War on Terrorism

Saturday, February 21, 2015

Carter Discusses Progress With Leaders During Afghanistan Visit



By Cheryl Pellerin
DoD News, Defense Media Activity

WASHINGTON, Feb. 21, 2015 – U.S. and coalition troops have a new mission in Afghanistan but the same strong commitment to sustaining an enduring partnership, Defense Secretary Ash Carter said today during a joint press conference with Afghan President Mohammad Ashraf Ghani in Kabul.

This is Carter’s first official trip to Afghanistan as defense secretary but his 10th trip there over the years. Approximately 10,000 U.S. troops remain in Afghanistan, working with their partners in the Afghan National Security Forces, or ANSF.

In Kabul the defense secretary received briefings from U.S. Ambassador P. Michael McKinley, U.S. Central Command Commander Army Gen. Lloyd J. Austin, and Army Gen. John F. Campbell, commander of the International Security Assistance Force and U.S. Forces-Afghanistan.

Changes for the Better

“My last visit here was in 2013 and a lot has changed here, so much of it for the better,” he said.

The Afghan parliament overwhelmingly approved the U.S.-Afghanistan Bilateral Security Agreement and the NATO Status of Forces Agreement, Carter said.

The ANSF has evolved into a force that is 350,000 strong and has assumed full responsibility for security in Afghanistan, and Ghani and Chief Executive Dr. Abdullah Abdullah assembled a unity government, elevating the good of their country above all else, Carter said...

“All this progress has enabled the drawdown of U.S. and coalition forces and the transition to a new phase in our relationship,” the secretary said.

“The United States and our ISAF partners have ended our combat mission and are now focused on helping train, advise and assist the Afghan National Security Forces,” he added, “as well as the counterterrorism mission against Al Qaida and its remnants.”

Making Progress Last

Carter said he and U.S. President Barack Obama agreed during their first meeting this week that their priority is to make sure that progress in Afghanistan lasts.

To that end, the secretary said, Obama is considering options that will reinforce U.S. support for Ghani's security strategy, including possible changes to the timeline for the drawdown of U.S. troops from Afghanistan.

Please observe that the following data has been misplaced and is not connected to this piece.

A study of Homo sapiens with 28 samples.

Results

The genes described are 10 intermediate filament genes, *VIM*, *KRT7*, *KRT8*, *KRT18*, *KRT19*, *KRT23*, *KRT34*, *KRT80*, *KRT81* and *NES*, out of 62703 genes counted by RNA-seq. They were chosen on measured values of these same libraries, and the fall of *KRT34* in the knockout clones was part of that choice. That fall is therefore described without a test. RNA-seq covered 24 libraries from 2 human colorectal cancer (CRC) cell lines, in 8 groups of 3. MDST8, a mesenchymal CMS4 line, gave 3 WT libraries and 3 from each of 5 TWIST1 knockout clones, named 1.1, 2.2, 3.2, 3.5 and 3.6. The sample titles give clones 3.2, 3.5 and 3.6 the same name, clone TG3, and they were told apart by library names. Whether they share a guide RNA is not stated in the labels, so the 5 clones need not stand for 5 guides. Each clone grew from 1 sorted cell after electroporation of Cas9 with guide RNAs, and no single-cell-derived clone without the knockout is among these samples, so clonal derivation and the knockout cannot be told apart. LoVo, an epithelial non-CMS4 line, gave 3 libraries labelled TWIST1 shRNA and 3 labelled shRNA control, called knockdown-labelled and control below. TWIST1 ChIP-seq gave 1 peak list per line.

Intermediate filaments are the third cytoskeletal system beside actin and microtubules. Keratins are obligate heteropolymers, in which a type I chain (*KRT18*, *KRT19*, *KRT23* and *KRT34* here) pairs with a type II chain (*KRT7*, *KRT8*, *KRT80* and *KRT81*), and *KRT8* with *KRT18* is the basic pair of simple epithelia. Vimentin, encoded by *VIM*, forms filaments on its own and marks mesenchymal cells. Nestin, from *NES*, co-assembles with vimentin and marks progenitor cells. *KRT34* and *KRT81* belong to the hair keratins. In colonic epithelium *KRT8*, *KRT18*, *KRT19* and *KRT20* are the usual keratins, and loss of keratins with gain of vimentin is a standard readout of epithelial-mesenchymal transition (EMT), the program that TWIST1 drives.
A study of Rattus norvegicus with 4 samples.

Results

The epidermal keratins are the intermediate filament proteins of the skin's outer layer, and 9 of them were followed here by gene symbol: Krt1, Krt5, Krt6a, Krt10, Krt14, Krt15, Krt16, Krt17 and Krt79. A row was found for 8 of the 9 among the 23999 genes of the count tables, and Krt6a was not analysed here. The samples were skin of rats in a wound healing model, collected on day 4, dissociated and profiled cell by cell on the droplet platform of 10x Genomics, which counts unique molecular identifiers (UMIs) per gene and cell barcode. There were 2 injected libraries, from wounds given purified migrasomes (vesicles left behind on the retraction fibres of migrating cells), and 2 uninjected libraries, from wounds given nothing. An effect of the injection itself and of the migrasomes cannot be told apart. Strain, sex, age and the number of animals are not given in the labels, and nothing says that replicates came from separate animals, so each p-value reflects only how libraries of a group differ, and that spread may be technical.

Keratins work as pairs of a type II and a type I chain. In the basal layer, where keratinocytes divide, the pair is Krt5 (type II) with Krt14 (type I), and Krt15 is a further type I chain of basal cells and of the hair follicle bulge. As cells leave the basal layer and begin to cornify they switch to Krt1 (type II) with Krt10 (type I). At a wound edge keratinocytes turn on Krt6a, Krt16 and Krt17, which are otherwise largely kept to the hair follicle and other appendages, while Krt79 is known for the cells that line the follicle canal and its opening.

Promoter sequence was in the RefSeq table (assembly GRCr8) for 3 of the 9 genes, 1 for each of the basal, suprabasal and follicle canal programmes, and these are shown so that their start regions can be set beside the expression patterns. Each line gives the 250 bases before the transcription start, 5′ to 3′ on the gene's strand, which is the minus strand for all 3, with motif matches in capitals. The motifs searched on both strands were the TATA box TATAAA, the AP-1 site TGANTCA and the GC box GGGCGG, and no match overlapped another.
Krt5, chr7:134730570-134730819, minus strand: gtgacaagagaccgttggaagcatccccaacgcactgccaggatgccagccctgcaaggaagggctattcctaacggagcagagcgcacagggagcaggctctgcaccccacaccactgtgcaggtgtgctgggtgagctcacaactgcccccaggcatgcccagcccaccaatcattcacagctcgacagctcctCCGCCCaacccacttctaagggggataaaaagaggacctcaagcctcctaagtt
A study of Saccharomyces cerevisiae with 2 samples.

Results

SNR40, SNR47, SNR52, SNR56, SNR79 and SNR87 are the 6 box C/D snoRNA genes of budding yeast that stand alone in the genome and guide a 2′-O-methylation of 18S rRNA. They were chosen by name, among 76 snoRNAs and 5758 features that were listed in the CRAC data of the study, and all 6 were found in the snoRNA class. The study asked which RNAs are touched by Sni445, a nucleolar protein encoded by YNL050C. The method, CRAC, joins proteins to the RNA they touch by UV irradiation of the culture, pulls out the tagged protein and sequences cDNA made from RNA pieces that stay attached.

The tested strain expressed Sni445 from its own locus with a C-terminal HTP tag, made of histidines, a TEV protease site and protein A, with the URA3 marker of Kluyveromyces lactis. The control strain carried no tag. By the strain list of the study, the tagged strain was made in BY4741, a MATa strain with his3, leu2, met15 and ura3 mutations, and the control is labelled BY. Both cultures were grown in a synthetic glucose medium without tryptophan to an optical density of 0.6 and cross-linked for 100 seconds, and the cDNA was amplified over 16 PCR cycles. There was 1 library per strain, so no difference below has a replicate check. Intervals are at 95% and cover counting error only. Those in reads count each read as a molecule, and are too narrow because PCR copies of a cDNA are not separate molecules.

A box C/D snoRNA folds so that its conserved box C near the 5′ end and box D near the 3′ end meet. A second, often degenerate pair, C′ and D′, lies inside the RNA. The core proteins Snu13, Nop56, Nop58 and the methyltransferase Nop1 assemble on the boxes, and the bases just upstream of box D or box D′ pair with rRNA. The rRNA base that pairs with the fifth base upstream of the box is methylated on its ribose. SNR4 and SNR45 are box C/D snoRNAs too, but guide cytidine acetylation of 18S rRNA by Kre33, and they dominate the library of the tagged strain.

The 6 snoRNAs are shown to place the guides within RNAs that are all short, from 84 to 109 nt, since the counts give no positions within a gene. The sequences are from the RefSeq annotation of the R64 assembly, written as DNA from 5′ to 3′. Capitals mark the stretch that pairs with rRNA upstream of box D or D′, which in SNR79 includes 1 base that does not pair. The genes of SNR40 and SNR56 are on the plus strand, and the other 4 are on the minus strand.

“That could mean taking another look at the timing and sequencing of base closures,” Carter added, “to ensure we have the right array of coalition capabilities to support our Afghan partners, the right array to ensure that hard-won progress lasts, and … the right force protection footprint for our remaining personnel.

Beyond troop numbers, he said, U.S. and coalition long-term commitments in resources, equipment and other support are just as critical for long-term Afghan security, as is expanding the partnership to include deeper political, economic and cultural ties.

Forward-looking Discussions

Carter thanked Ghani and his colleagues for important forward-looking discussions that included the evolving counterterrorism landscape and regional and strategic issues.

“We are discussing and rethinking the details of the counterterrorism mission and how the environment has changed here with respect to terrorism since we first laid out our plans,” Carter explained.

“That's an important consideration for [Obama] as he thinks about the next few years, discusses them with President Ghani, and they reach their views about what we're going to do,” he added.

Ghani also offered “heartfelt words” for the sacrifices Americans have made in Afghanistan, the secretary noted, adding, “That means a great deal to me, Mr. President, and to all Americans to hear that from you.”

Ghani and Abdulla are scheduled to meet with Obama and Carter in Washington in March.

Strong and Enduring Partnership

“As I formulate my best advice to President Obama in the time to come, this visit will ensure that my recommendations reflect the reality on the ground,” Carter said, including a strong and positive partnership with Ghani, progress and challenges facing the ANSF, political progress, and regional dynamics.

“Today we remember all of the men and women, military and civilian, Afghan, American and many others, who paid the ultimate price to make Afghanistan's progress possible,” Carter said.

“We honor them,” he added, “by ensuring that the U.S.-Afghan partnership is as strong and as enduring as it has been and promises to be.